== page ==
Texas Court Finds Miller v. Alabama Is Retroactive


The Texas Court of Criminal Appeals, the state's highest court on criminal law issues, determined that Miller applies retroactively to cases that have already become final because it is a substantive rule that "alters the range of outcomes available for certain criminal conduct." Rejecting the State's argument that Miller is a procedural rule that changes only the method for deciding a juvenile offender's punishment, the court observed that "[b]efore Miller, there was no method to determine whether a juvenile's conduct was punishable by life in prison without parole -- it was automatic and mandatory."

Miller "provides a sentencing court with decision making authority where there once was none -- banning mandatory life sentences with parole and requiring discretionary sentences" that can extend up to life without the possibility of parole but also include the more lenient alternatives. Miller is a substantive rule, the court concluded, because it requires that a juvenile offender "have the opportunity to establish that life without parole is not an appropriate sentence."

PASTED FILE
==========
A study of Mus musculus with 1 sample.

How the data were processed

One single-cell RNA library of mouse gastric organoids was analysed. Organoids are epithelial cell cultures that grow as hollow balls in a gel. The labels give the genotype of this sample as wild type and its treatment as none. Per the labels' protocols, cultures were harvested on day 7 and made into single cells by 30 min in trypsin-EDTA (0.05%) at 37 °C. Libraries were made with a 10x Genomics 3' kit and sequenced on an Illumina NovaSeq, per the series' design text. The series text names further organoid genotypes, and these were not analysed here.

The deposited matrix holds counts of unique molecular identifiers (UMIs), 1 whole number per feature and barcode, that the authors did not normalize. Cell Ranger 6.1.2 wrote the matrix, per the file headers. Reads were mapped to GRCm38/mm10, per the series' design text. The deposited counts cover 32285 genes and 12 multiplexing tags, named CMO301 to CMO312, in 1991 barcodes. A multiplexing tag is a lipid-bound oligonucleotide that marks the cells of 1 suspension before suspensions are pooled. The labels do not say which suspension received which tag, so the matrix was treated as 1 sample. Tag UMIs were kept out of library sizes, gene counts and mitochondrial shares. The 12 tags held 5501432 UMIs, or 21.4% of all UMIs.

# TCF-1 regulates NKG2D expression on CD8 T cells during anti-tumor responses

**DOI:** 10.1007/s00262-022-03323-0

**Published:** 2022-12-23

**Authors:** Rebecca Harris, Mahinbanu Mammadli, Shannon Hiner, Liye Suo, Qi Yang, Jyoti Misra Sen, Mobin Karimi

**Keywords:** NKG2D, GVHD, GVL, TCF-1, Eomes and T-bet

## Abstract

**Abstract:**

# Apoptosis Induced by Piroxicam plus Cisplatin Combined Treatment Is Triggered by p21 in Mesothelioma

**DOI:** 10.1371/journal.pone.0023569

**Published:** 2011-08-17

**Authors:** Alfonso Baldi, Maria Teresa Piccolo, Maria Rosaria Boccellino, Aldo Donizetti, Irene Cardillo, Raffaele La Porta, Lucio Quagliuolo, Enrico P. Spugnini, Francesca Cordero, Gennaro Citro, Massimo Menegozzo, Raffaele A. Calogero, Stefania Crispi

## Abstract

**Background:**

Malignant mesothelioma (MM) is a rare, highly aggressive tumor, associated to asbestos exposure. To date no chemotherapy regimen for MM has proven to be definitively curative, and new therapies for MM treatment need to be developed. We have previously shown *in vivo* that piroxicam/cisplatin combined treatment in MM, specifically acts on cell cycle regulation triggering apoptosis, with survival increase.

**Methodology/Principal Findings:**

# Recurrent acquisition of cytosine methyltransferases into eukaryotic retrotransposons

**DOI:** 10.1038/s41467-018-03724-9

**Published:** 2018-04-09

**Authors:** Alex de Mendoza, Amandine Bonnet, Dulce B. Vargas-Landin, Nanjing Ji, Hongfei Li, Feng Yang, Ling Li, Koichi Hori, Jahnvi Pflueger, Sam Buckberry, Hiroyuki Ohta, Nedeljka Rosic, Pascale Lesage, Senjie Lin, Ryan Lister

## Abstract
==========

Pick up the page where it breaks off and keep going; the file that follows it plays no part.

Noting Miller's instruction that "appropriate occasions for sentencing juveniles to the harshest possible penalty will be uncommon," the court vacated the petitioner's life without parole sentence and remanded his case for further sentencing proceedings.

The opinion is the latest in a line of similar decisions holding Miller is fully retroactive from Florida, Mississippi, Iowa, Massachusetts, Nebraska, Illinois, and federal courts across the country.